DASB Senate supports De Anza/Foothill bus line, meeting ends with FB ‘drama’

Kunal Mehta, Staff Reporter

The De Anza Senate unanimously approved a resolution endorsing a proposal to create a direct Valley Transit Authority bus line between the Foothill and De Anza college campuses, and discussed resolutions passed by the Foothill-De Anza Board of Trustees about undocumented students and other minority groups.

The meeting abruptly ended after devolving into discussion over the senate’s Facebook group message, in which senate President Matthew Zarate presented prepared screenshots of a private conversation between him and Vice President Stephanie Rigsby.

Student Trustee Elias Kamal and Senator Keerthana Muthukrishnan presented a Powerpoint detailing the possible Foothill-De Anza bus line. While currently takes about 90 minutes to travel from De Anza to Foothill, the proposed bus line would cut it to around 30 minutes. The initiative was endorsed by the Foothill Student Body Senate last week.

“I know I [as a student who was lacking a reliable means of transportation] really wanted to take a lot of classes at Foothill because our two sister schools are designed to complement each other,” Senator Dara Streit said.

Kamal said the next steps for the proposal are to receive further endorsements from the Board of Trustees and have students petition the VTA at their open community meetings. Kamal offered to drive students to the meetings if they needed it.

Kamal also presented two resolutions from the previous Board of Trustees meetings about undocumented students and other marginalized groups.

The first, Resolution 2016-43, aligned with UCs and CSUs by expressing support for the Deferred Action for Childhood Arrivals (DACA), even if the Trump administration were to end the program.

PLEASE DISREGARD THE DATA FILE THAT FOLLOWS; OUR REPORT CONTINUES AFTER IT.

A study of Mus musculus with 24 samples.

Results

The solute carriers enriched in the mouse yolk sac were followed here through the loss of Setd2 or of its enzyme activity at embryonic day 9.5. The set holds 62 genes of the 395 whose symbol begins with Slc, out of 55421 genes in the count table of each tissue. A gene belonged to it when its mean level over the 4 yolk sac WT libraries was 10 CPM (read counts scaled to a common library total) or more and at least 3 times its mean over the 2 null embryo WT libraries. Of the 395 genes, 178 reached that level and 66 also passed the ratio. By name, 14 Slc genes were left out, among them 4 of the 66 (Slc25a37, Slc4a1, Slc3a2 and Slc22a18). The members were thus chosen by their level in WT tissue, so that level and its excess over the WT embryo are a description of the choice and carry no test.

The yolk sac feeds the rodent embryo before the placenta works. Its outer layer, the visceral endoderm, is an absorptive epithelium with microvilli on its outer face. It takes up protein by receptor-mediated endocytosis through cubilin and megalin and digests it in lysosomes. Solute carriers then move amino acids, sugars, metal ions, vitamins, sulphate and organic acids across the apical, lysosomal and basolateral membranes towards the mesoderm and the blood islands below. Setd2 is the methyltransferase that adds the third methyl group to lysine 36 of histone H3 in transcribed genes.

The second resolution, 2016-44, affirmed the privacy of student records, and explicitly stated that the college would not cooperate with any federal authorities asking for information about students belonging to marginalized groups.

“If any of us want to do one last thing that’s good for this community, it’s to get people to run for the Senate,” said Kamal. “We need to focus on [recruiting] these people who need the most help.”

After reviewing the resolutions, Senator Carlos Malfitano brought concerns about the senate’s private Facebook group chats and emails to light.

“It’s regarding professionalism and the chat that we all share, and also the emails,” Malfitano said. “I don’t think it was okay to go back and forth between all the other people … I just don’t think it was okay for all of that drama to be going on and for Matthew to be removed from the group chat when he’s not the one who started the argument. Not saying he’s right or wrong, but I just don’t think that was okay.”

“Technically we’re not [allowed to have a group chat] because it goes against the Brown act, because there’s the possibility of us making illegal decisions without having public [scrutiny], so that’s been going on for the past year,” Zarate said.

The Brown Act restricts publicly elected officials from holding meetings or discussions in private to ensure they receive full public scrutiny.

Zarate also stated he would be willing to provide full copies of his correspondence with Rigsby to anyone who asked in the interests of transparency.

Rigsby stated that she did not provide her consent for her private conversations to be published.